Printed circles that appear to move. Colors that seem different in spite of being identical. Everybody loves a good optical illusion, though precisely where the magic happens is still a mystery in many cases.
A new study by University of Exeter visual ecologist Jolyon Troscianko, and neuroscientist Daniel Osorio from the University of Sussex in the UK has weighed in on the debate over whether certain errors in sensing color, shade, and shape occur as a result of the eye's function or the brain's neurological wiring.
The pair found specific classes of illusion can be explained by limitations of our visual neurons – cells that process information coming in from the eyes – rather than higher-level processing.
These neurons only have a finite bandwidth, and the study authors developed a model showing how this can affect our perception of patterns on different scales, building on previous work analyzing how color ranges are perceived in animals.
"Our eyes send messages to the brain by making neurons fire faster or slower," says Troscianko.
"However, there's a limit to how quickly they can fire, and previous research hasn't considered how the limit might affect the ways we see color."
The new model suggests limits in processing and metabolic energy force neurons to compress visual data coming in through our eyes. This is less noticeable in the mess of natural scenery, but has a bigger impact on how we perceive simpler patterns.
It's the same when digital images get compressed: with a photo of a real-world scene, the compression artifacts are more difficult to spot, because the pixels are more jumbled up and varied. In a digital illustration, where lines and borders are fixed and distinct, those compression artifacts tend to stand out.
The findings could help us understand why we perceive contrasts in modern televisions with built-in HDR (High Dynamic Range). In theory, our eyes shouldn't be capable of detecting the incredible level of contrast between the lightest white and the darkest black presented using this technology.
The researchers posit that neurons have evolved to be as efficient as possible: some are configured to notice very tiny differences in shades, while others are set up to be less sensitive to small differences but much better at detecting large ranges of contrast, which is why the latest HDR TVs look more impressive.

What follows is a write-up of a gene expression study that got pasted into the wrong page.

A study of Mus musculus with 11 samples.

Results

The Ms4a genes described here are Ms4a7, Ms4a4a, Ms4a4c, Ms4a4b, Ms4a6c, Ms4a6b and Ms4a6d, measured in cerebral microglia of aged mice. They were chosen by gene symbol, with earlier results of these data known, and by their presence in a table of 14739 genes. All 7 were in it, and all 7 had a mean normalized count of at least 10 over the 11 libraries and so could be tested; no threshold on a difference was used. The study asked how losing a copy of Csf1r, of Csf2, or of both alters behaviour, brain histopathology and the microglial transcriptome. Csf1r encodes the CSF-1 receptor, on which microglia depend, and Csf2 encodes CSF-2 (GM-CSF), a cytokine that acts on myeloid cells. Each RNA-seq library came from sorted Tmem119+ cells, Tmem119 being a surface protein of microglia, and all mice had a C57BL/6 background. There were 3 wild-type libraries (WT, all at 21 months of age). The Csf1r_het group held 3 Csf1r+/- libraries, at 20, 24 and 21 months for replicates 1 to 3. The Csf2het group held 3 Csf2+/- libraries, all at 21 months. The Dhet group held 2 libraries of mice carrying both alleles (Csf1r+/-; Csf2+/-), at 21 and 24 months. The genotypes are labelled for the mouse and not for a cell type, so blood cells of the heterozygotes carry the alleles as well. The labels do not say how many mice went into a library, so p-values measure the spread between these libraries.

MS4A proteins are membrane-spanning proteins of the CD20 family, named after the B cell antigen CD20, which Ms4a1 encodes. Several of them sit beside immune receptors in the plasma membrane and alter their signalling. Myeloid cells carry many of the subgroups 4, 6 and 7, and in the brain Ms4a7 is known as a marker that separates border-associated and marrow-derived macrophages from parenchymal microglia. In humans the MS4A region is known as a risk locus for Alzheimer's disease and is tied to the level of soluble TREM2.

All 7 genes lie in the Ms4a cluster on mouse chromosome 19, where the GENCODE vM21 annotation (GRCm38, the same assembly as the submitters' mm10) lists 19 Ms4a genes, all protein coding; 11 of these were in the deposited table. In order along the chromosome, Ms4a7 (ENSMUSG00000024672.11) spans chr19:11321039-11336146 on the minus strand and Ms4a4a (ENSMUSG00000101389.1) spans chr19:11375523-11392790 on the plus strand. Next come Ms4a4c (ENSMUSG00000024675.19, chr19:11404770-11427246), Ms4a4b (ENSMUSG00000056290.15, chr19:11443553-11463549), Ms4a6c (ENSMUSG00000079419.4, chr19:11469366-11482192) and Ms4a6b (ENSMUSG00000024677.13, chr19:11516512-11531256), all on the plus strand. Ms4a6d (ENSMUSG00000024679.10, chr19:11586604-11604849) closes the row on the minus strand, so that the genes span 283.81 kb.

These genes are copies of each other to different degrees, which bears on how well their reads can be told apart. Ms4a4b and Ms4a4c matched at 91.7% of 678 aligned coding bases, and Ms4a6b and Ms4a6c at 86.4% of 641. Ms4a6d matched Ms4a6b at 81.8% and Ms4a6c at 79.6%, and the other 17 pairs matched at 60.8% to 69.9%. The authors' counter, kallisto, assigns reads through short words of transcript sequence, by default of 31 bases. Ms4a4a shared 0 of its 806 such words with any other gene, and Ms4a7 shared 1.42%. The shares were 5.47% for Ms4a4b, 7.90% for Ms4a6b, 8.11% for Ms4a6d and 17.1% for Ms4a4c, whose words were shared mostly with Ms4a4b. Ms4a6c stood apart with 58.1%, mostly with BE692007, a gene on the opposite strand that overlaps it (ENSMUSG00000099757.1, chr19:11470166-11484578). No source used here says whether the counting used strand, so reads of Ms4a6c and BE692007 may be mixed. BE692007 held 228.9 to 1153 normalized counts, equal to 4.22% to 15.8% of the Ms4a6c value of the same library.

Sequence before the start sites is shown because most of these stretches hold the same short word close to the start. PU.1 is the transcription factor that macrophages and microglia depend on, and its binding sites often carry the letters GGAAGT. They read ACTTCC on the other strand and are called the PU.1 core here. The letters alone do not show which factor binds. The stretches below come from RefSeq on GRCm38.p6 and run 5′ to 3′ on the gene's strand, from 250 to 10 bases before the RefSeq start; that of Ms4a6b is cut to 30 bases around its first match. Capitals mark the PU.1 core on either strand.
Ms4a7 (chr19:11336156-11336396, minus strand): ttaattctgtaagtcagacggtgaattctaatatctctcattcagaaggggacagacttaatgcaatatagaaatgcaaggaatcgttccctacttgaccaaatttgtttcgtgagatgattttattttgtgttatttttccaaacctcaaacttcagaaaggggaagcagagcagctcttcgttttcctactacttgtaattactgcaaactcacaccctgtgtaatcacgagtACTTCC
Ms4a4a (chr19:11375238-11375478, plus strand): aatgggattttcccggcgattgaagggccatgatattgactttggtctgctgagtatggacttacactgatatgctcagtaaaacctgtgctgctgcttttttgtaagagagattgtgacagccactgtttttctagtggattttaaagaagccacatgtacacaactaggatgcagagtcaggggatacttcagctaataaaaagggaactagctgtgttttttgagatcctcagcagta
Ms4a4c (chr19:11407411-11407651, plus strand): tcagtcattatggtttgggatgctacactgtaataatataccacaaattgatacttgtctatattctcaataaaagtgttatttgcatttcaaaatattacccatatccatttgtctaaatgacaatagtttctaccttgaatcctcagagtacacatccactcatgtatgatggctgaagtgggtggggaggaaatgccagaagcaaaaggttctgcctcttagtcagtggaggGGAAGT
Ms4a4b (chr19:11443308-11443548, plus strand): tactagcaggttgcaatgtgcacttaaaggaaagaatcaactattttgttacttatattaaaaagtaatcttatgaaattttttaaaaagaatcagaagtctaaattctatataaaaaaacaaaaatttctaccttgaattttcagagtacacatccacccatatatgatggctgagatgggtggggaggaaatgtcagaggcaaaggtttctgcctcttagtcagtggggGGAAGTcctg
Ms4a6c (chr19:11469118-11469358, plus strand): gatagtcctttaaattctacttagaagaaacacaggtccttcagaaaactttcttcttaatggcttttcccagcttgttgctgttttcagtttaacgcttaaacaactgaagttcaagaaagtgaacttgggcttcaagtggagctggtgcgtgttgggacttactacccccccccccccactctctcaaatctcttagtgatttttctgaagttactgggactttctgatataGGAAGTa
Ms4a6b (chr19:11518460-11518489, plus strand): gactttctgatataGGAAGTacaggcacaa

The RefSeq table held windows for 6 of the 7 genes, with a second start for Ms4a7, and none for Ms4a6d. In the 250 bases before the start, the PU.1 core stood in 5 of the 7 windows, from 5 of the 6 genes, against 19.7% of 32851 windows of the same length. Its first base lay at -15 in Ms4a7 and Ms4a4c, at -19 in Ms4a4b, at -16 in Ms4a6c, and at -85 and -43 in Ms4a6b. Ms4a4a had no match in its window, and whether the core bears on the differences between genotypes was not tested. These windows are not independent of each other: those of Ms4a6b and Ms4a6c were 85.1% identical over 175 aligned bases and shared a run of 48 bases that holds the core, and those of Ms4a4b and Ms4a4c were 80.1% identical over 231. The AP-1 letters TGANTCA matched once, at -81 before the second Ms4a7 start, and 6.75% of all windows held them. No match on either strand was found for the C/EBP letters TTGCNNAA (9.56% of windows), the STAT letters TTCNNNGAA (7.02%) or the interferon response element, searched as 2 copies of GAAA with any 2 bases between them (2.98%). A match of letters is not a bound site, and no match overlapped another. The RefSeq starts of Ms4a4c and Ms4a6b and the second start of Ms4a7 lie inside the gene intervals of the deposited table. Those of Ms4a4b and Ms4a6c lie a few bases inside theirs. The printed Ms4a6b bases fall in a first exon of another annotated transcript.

"Our model shows how neurons with such limited contrast bandwidth can combine their signals to allow us to see these enormous contrasts, but the information is compressed – resulting in visual illusions," says Troscianko.
"The model shows how our neurons are precisely evolved to use every bit of capacity."
This applies to the many illusions that emerge out of differences in contrast. Much of our color perception relies on context in these scenarios, and the new model shows exactly which part of our visual processing system is responsible.
The computational model was tested and found to hold true for the human perception of various optical illusions, responses recorded in the retinas of primates, and more than 50 examples of brightness and color phenomena.
Previously, it was thought that other factors – our existing knowledge of shapes and objects, for example, or eye movements – might be responsible for optical illusions fooling us so completely. It seems like those earlier ideas might need a rethink.
"This throws into the air a lot of long-held assumptions about how visual illusions work," says Troscianko.
The research has been published in PLOS Computational Biology.